If a credit union rebrand is on your to-do list next year, you’ll want to read this.
On the other hand, if you rebranded your credit union in the last few years, warning: you may find you have buyer’s remorse.
For some time now the trend in credit unions and companies in general has been to dub a nonsense word as its new name and brand. Names like Fat Llama, LunchBadger and Purple Squirrel (yes, all real company names) have been popular in the tech start-up world, just as similar names have popped up in the credit union space.
But it looks like that trend is so yesterday. Start-ups have turned to choosing names that comprise actual words or names that describe what they actually do. For example, there’s a company developing internet browsers that is simply called The Browser Company, a clothing rental startup named Wardrobe, and a payment software fintech called Banked.
Looking back specifically at the last 12 months, the trend has focused on feel-good words – nouns, adjectives, adverbs or verbs. Words that evoke a positive feeling, an admirable trait or desired state of being. Some examples I’ve seen recently are Might (project management software for remote teams), Cured (health software) and Elate (operations-based software.)
Another popular branding approach as of late is the plain old, straightforward description. Companies are picking names that describe exactly what they do, such as Grow Credit, a service for building credit histories; New Age Meats, a startup cultivating meat from animal cells; and, as previously mentioned, The Browser Company.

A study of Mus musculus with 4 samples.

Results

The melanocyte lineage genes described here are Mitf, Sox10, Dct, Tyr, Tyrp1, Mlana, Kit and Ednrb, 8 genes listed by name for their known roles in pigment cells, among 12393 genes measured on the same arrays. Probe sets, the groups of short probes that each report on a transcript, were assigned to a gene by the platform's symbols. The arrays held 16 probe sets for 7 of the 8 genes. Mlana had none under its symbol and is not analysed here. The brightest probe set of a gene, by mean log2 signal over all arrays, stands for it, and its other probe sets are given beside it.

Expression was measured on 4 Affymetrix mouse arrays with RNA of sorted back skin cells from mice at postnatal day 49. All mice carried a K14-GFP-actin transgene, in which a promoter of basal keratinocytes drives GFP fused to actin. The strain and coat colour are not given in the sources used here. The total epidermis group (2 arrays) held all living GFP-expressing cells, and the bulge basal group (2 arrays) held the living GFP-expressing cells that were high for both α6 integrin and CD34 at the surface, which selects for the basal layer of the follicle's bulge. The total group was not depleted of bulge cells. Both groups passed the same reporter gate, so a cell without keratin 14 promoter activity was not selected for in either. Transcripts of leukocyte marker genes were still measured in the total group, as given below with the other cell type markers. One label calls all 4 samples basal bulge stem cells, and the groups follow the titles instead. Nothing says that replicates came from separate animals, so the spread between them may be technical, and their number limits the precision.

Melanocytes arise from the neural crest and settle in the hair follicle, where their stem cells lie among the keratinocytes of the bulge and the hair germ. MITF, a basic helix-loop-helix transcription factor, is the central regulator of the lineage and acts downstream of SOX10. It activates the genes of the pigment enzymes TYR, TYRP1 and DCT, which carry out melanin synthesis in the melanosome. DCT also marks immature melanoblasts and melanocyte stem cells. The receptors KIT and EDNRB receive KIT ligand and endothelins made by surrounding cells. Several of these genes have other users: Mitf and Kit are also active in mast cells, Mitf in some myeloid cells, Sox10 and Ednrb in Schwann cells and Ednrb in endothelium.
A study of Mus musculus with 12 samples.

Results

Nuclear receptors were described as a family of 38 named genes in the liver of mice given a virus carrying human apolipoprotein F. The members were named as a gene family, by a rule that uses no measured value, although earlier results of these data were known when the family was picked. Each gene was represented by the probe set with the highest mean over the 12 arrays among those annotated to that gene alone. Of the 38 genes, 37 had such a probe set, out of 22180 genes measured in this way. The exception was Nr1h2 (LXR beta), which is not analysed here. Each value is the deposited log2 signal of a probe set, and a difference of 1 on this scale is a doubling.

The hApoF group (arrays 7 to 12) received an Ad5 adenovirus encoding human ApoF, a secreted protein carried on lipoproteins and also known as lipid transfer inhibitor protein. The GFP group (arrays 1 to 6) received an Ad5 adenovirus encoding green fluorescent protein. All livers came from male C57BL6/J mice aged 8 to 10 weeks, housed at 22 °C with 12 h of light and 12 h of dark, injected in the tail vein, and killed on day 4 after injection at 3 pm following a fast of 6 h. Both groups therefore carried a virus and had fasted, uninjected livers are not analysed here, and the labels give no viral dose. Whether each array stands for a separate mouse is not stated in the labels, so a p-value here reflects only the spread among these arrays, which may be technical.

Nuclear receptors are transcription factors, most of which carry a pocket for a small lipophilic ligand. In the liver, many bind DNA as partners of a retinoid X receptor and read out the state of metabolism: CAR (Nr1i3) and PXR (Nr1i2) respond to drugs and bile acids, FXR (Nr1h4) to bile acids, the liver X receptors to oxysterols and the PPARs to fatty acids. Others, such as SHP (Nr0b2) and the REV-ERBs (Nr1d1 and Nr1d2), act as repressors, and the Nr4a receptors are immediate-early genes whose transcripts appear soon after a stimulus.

One of the most popular startup naming strategies has been the ‘creative’ misspelling. By dropping vowels, adding consonants, or taking other steps, brands can have found names that are both familiar-sounding and unique. Some recent examples of companies with misspelled words includes Cann, a maker of cannabis-infused tonics; Puzzl, a payroll provider for hourly workers; and even our sister company that produces amazing websites for credit unions, uncommn.
If a quirky made-up name is still your preference, you must know where to draw the line. After all, it’s hard to dismiss the potential of weird names when a Silicon Valley garage-launched startup called Google is now worth more than $1 trillion. If you’re a large company like Verizon, you have ample budget to explain the name and teach people to pronounce it. It’s harder for smaller brands like credit unions.
There’s a lot more that goes into a successful credit union rebranding than brainstorming a whiteboard filled with fun names though. Rebranding your credit union can be one of the most successful projects you undertake during your tenure – or one of the most expensive failures. Don’t leave your credit union branding – and legacy – in the hands of an amateur.